Beliefs Culture Jana Riess: Flunking Sainthood Opinion

Robin Williams: Requiem for a dead poet

Robin Williams in 2003
Robin Williams in 2003

Robin Williams in 2003

I feel so terribly sad about Robin Williams.

Great genius has once again revealed its dark side. (I’m struck, in light of yesterday’s news, by the painful fact that Williams’s most recent solo comedy DVD was called Weapons of Self Destruction.)

Sometimes the darkness is more dormant. Watching the zany brilliance of Williams at work, it was easy to forget that he was a man with demons, including depression and an up-and-down history of substance abuse.

Celebrity deaths happen often enough that most of us who are of a certain age have become inured to their tragedy. We were sad when Philip Seymour Hoffman overdosed, and perhaps a bit unsurprised when it was Michael Jackson or Whitney Houston.

For whatever reason, Williams’s death hit me harder than any of those other recent celebrity losses, partly because the intentionality of his apparent suicide prohibits us the comforting fiction that it might have been “just an accident.”

[tweetable] With this death Williams becomes part of the statistic of the most at-risk group for suicide in America. [/tweetable] It’s not young men in the vulnerable late teens or early 20s, as Williams’s own movie Dead Poets Society might suggest; it’s older men. (“Thus in the United States the suicide cohort is overwhelmingly white, male, and older than age of 60,” says Medscape.)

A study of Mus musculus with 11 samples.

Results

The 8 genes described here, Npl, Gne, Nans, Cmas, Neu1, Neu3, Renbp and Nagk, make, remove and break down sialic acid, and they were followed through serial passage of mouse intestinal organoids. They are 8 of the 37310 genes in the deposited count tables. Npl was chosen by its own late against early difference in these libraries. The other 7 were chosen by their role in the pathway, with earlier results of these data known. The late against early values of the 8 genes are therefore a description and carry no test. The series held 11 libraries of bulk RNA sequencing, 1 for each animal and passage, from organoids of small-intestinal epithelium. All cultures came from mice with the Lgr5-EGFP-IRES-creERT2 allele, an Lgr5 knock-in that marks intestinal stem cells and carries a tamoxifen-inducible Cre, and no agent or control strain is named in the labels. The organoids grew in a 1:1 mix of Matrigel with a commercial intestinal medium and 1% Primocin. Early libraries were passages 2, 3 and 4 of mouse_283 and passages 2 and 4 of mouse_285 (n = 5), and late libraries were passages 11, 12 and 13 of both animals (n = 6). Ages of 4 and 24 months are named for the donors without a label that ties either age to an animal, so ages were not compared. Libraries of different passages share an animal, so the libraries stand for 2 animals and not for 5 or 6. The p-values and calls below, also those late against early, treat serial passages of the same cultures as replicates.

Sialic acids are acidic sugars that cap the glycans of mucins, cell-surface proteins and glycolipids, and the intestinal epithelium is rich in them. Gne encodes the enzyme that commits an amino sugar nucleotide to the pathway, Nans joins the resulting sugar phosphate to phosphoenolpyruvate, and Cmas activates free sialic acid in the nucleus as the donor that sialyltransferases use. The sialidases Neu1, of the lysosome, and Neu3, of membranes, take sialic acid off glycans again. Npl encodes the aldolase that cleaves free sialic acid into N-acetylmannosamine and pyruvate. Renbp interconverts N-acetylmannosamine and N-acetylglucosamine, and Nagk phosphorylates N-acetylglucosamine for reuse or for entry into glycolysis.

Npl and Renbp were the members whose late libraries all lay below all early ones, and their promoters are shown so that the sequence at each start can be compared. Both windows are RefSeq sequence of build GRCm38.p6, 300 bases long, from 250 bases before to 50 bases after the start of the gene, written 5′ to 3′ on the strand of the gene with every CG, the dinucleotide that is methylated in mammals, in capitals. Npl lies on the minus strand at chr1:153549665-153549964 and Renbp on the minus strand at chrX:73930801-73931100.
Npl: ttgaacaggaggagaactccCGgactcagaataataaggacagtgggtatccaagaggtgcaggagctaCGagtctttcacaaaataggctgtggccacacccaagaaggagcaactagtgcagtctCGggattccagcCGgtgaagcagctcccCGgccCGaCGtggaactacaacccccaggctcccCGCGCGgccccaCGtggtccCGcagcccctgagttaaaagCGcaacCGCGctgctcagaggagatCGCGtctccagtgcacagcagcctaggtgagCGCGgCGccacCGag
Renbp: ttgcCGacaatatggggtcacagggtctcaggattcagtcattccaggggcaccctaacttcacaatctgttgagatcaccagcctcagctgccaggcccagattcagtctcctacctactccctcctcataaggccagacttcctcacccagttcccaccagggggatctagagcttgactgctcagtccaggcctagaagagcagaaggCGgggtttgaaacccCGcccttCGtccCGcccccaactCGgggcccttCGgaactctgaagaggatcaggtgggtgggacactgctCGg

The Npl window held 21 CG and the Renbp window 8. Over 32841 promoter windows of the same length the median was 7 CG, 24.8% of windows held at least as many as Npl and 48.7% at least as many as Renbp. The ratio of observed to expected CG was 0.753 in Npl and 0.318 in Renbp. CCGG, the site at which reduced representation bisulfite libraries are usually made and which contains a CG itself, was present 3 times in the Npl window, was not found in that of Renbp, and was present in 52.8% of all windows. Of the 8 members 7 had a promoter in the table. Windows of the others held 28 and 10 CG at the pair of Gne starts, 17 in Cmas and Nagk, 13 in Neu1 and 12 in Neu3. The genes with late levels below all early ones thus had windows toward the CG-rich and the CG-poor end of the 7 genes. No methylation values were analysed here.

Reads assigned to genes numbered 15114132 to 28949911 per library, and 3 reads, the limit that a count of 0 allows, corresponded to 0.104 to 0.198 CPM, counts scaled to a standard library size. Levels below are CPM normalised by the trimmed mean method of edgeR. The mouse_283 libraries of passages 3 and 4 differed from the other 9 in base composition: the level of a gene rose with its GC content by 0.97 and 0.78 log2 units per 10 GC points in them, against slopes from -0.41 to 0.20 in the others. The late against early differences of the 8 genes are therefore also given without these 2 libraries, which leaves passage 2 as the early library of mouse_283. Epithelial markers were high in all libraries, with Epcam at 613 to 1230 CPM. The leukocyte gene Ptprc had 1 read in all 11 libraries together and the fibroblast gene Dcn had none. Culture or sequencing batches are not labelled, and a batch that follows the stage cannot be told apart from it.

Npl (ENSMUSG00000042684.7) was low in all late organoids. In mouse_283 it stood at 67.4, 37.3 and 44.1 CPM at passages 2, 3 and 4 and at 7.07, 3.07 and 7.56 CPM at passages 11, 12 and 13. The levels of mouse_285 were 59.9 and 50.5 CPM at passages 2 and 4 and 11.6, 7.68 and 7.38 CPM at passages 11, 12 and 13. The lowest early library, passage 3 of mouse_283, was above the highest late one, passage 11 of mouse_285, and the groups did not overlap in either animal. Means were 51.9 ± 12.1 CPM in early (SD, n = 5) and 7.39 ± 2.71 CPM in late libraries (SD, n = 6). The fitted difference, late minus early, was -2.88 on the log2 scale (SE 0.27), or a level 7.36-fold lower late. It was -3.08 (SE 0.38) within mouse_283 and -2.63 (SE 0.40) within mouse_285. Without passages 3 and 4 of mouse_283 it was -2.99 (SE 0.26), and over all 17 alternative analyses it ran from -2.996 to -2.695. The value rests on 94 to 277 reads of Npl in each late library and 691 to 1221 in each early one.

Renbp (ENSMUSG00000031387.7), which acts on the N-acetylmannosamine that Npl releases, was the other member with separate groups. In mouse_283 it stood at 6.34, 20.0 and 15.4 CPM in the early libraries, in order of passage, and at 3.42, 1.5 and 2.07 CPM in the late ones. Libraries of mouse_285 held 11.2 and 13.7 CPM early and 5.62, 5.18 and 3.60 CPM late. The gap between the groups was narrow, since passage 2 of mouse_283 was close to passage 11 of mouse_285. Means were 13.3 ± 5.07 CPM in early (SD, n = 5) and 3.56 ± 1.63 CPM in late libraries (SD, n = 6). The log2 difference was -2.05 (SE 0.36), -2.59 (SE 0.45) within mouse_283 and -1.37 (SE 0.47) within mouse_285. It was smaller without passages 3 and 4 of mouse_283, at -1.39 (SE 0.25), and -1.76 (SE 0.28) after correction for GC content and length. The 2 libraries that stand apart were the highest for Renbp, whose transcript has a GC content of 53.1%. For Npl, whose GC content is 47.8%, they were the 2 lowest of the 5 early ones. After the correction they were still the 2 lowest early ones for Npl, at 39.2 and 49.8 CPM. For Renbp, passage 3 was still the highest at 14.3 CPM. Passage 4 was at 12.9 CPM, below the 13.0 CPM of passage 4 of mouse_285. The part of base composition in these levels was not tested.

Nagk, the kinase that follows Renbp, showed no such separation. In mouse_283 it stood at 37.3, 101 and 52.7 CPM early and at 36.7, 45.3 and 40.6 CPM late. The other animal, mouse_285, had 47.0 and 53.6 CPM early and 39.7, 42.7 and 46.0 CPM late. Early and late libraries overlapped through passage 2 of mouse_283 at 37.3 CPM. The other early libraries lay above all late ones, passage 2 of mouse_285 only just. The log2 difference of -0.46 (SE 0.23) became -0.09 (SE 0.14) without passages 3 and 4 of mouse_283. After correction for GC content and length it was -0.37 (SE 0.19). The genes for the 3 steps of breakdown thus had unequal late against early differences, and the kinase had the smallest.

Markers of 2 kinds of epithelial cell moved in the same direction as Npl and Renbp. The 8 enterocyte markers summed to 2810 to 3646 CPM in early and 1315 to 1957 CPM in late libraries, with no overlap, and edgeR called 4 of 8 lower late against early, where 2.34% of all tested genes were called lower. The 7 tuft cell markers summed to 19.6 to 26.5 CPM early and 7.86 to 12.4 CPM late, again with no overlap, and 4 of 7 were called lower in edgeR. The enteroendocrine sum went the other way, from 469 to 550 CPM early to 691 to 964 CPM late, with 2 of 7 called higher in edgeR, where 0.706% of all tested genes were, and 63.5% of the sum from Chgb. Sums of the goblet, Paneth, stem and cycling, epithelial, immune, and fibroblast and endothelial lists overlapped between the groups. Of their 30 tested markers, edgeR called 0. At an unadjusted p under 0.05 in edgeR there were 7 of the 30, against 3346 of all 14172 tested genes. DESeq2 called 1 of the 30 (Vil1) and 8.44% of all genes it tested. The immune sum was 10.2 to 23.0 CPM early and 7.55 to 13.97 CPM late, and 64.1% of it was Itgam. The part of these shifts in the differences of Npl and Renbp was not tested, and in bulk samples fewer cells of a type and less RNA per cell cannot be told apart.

And partly my grief stems from the fact that Williams was – I will say it again – so monstrously talented. His films and stand-up routines made us laugh so hard that death seemed far away, even an impossibility. His larger-than-life presence was the very antithesis of death.

There’s a scene in Dead Poets Society when Williams’s character, a teacher, takes the boys in his English class to see old black-and-white photographs of their predecessors at their tony prep school. He gives them a lesson in death, and in life:

Mr. Keating: They’re not that different from you, are they? Same haircuts. Full of hormones, just like you. Invincible, just like you feel. The world is their oyster. They believe they’re destined for great things, just like many of you; their eyes are full of hope, just like you. Did they wait until it was too late to make from their lives even one iota of what they were capable? Because, you see gentlemen, these boys are now fertilizing daffodils. But if you listen real close, you can hear them whisper their legacy to you. Go on, lean in. Listen, you hear it? – – Carpe – – hear it? – – Carpe, carpe diem. Seize the day, boys. Make your lives extraordinary.

So here is what I will remember about this man, being mindful of his wife’s request that we focus on his life and his artistic contributions rather than the sad circumstances of his death:

[tweetable] Robin Williams is one who seized the day, who sucked the marrow out of life, who gifted the world with a barbaric yawp. [/tweetable]

Thank you, Robin. Now you can make all of heaven laugh.

 

About the author

Jana Riess

Senior columnist Jana Riess is the author of many books, including "The Prayer Wheel" (Random House/Convergent, 2018) and "The Next Mormons: How Millennials Are Changing the LDS Church" (Oxford University Press, 2019). She has a PhD in American religious history from Columbia University.